CHICAGO (AdAge.com) -- There is no lack of agency models in adland, but few attract more criticism than the kind that are built to service a single client. For good reason too -- most don't work.
But if you ask George Rogers, president-CEO of the WPP-owned agency, he'll say the reason Team Detroit -- formed in late 2006 by melding five WPP shops that worked with Ford -- is successful is because it enjoys an ultra-close relationship with its biggest client while still managing not to alienate others. "For many prospects, Ford ... has proven only to be a strength," he said. "Its profound desire for Team Detroit to experiment and constantly innovate makes Ford a brilliant anchor client."
Considering Team Detroit's growing portfolio of non-auto clients, it's not hard to buy that theory. The shop reported a 50% hike in revenue in the past two years and in September 2010 recorded its largest non-automotive win to date, Sports Authority, on the heels of utility clothier Carhartt earlier in 2010.
Team Detroit also had a strong hand in the Mazda win, which WPP scored in June. (Ford owns a minority stake in Mazda, and the two often share manufacturing facilities.) Taking a cue from Ford, Mazda created its own dedicated team under WPP, headquartered in Southern California and helmed by former JWT New York Chief Creative Officer Harvey Marco.
In many ways, the agency has been a beacon in the otherwise gloomy Detroit ad market, which in its heyday controlled billions in ad dollars that all but floated away in the recession when two of the three automakers filed for bankruptcy, and, in the wake, shifted their ad accounts to new agencies.
"Not only did we endure, we prevailed," said Toby Barlow, exec VP and chief creative officer at Team Detroit. "We are a positive story in a region that hasn't really seen that many."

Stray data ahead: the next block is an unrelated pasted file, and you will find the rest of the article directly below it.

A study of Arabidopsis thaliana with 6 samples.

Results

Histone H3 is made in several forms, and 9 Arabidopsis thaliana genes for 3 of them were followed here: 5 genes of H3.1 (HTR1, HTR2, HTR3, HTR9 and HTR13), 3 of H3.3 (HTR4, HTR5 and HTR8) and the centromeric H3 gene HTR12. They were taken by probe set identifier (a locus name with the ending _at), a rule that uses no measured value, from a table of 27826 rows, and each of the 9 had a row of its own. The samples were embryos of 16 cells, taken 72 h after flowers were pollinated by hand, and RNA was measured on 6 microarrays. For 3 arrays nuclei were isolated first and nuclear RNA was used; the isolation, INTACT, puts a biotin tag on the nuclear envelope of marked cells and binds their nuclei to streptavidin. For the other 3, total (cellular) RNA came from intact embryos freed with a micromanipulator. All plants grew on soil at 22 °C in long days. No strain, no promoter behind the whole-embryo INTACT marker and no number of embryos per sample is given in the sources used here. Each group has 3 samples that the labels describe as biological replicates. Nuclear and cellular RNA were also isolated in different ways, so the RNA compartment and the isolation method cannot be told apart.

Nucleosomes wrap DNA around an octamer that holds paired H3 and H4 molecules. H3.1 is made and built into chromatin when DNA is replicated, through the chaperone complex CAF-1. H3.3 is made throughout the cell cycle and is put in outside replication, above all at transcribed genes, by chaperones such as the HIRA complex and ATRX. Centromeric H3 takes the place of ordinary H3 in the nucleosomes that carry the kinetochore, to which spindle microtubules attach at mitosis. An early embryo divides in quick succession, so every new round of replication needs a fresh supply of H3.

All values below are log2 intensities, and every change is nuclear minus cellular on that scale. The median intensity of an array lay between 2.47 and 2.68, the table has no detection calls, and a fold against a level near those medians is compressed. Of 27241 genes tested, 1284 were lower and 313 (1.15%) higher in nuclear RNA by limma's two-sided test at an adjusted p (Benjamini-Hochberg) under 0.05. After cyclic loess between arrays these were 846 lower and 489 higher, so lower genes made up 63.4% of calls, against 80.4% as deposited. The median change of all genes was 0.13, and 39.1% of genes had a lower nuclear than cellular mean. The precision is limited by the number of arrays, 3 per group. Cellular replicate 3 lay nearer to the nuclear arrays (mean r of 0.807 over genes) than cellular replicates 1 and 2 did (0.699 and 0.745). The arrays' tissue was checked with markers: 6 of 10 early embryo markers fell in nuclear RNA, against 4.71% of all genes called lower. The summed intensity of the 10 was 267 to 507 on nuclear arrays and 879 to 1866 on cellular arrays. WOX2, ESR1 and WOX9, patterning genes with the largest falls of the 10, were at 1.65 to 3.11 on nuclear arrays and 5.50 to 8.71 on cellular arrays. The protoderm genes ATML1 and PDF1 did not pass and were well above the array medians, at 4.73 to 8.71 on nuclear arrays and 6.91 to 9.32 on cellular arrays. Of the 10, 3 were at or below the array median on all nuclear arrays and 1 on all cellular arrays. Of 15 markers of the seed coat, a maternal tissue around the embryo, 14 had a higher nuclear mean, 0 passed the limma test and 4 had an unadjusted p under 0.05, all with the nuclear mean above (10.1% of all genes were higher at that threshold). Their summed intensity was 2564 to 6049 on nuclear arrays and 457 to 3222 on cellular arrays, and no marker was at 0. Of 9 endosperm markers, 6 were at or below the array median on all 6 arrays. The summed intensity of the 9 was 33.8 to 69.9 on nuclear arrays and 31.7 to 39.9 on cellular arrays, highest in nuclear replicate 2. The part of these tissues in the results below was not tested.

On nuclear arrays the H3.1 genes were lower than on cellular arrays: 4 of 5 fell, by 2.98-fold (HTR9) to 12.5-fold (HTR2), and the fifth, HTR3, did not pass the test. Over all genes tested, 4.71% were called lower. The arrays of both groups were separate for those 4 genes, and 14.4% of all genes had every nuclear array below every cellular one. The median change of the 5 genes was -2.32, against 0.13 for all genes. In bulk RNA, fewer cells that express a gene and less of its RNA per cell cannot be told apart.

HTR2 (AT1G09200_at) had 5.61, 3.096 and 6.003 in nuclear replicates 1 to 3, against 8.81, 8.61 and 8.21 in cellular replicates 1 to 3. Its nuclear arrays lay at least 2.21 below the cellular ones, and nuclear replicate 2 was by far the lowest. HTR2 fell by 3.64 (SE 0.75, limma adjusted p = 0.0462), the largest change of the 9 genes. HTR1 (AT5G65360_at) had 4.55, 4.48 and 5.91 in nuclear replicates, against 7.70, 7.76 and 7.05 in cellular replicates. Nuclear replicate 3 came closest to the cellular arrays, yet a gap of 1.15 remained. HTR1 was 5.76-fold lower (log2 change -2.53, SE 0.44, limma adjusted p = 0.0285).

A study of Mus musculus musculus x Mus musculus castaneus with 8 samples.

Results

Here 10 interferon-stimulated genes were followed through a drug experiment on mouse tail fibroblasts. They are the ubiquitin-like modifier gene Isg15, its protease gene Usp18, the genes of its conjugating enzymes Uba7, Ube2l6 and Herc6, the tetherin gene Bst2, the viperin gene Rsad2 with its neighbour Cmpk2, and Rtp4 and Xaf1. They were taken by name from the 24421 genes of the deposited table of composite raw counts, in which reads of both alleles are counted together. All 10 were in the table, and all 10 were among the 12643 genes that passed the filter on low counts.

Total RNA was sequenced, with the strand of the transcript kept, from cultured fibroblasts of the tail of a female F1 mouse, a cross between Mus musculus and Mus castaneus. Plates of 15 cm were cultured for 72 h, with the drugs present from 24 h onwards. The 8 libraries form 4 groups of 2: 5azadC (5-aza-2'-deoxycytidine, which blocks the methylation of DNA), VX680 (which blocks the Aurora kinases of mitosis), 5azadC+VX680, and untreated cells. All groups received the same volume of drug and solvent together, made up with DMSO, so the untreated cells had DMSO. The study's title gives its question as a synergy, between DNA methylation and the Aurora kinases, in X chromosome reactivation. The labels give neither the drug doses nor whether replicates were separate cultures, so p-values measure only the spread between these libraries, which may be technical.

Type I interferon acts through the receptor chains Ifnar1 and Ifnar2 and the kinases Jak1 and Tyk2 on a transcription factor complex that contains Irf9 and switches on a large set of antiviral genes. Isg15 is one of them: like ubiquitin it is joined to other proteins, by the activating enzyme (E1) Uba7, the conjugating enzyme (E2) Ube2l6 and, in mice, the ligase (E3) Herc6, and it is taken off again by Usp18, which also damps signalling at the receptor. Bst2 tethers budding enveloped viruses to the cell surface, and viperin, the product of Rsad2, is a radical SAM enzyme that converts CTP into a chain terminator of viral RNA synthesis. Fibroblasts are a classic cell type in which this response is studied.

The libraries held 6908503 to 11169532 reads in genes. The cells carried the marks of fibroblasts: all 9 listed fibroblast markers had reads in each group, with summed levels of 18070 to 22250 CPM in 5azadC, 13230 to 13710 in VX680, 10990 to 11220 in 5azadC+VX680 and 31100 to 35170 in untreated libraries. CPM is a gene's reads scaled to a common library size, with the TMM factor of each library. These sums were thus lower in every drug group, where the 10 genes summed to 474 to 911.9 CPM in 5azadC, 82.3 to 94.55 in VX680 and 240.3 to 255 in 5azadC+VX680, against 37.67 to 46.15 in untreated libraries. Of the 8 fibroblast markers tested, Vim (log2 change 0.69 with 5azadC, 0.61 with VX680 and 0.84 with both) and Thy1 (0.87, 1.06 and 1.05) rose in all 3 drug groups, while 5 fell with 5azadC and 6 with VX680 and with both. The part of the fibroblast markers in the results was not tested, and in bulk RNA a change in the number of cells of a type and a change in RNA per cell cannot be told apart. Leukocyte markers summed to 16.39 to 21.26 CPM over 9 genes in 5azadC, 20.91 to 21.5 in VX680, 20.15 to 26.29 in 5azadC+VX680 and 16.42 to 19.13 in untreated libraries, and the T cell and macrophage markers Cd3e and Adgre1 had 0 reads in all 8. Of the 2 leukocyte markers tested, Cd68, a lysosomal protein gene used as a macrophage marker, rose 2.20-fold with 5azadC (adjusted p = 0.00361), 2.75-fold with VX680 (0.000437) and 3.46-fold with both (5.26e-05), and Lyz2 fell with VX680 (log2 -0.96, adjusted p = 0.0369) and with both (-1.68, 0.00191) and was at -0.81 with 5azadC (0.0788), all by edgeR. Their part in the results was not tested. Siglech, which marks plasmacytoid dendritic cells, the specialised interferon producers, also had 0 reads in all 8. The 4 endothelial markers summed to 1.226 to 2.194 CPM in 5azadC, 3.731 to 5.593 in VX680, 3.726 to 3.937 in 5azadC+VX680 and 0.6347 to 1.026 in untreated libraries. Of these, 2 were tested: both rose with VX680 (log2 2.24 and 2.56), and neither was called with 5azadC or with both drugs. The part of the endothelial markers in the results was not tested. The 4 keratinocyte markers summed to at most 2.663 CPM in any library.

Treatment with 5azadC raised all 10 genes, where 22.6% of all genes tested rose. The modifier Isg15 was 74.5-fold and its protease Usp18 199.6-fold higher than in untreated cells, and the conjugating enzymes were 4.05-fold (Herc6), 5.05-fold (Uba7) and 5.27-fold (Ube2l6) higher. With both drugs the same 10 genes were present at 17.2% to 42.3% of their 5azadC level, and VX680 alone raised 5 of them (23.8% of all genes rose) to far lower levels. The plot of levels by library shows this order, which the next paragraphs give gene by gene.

Team Detroit ended 2010 with nearly 1,250 employees -- most of them in the Dearborn, Mich., headquarters, with the rest sprinkled throughout 23 U.S. services offices for Ford. Headcount was up about 8% in 2010, and revenue was up 11% from 2009; WPP is hiring 120 Irvine, Calif.-based employees for Team Mazda. Mr. Rogers attributes those lifts to new accounts as well as more work from existing clients Ford, Scotts, Johnson Controls and Warrior Sports. The agency also had no account losses during the year.
See work from Team Detroit on Creativity.
Ford itself was a bright spot in a recession that crippled carmakers, and, unlike its Detroit brethren General Motors Co. and Chrysler, Ford turned down a government bailout. To further differentiate itself and bond with its customers, Team Detroit radically departed from the typical car-advertising format with a new brand campaign for Ford called Drive One. Mr. Barlow explains the thinking behind it: "General Motors had a campaign that said GM was the voice of god, that it was the best. We wanted to go 180 degrees away from that and put together work that was focused on the idea that Ford was a great car driven by everyday people."
Team Detroit last year also helped market the new Ford Fiesta and revamp Ford's truck advertising. For the Fiesta -- a subcompact car that hadn't been available in the U.S. since 1980 -- Team Detroit executed a massive prelaunch nearly a year before the car was available in the U.S. Ford gave 100 Fiestas to people the automaker calls "influencers" and asked them to use various social media and digital platforms to generate buzz around the Fiesta.
The tactic worked. Ford's retail sales are up 20% from 2009 and Fiesta "is meeting and exceeding all sales targets and is also changing people's perception of the Ford brand," said Matt VanDyke, director-marketing communications for the U.S. at Ford. He added that Ford is historically known for trucks and Mustangs -- not small cars. "Team Detroit has enabled us to bust into [the subcompact] segment," he said.
Team Detroit's work for Sports Authority launched around Black Friday, and Simon MacGibbon, senior VP-marketing at Sports Authority, said it was the retailer's biggest Black Friday in history.
Sports Authority is undergoing a massive, multiyear brand reimaging, advertising more than ever. To execute such a reimaging, Mr. MacGibbon said it needed a big agency. The pitch process started with about 50 agencies, which were whittled down to 25, and eventually five. "Team Detroit was heads and shoulders above everyone else," said Mr. MacGibbon. "Their passion distinguishes them. Their work is groundbreaking for our industry, which tends to be homogeneous. They're pure creative horsepower."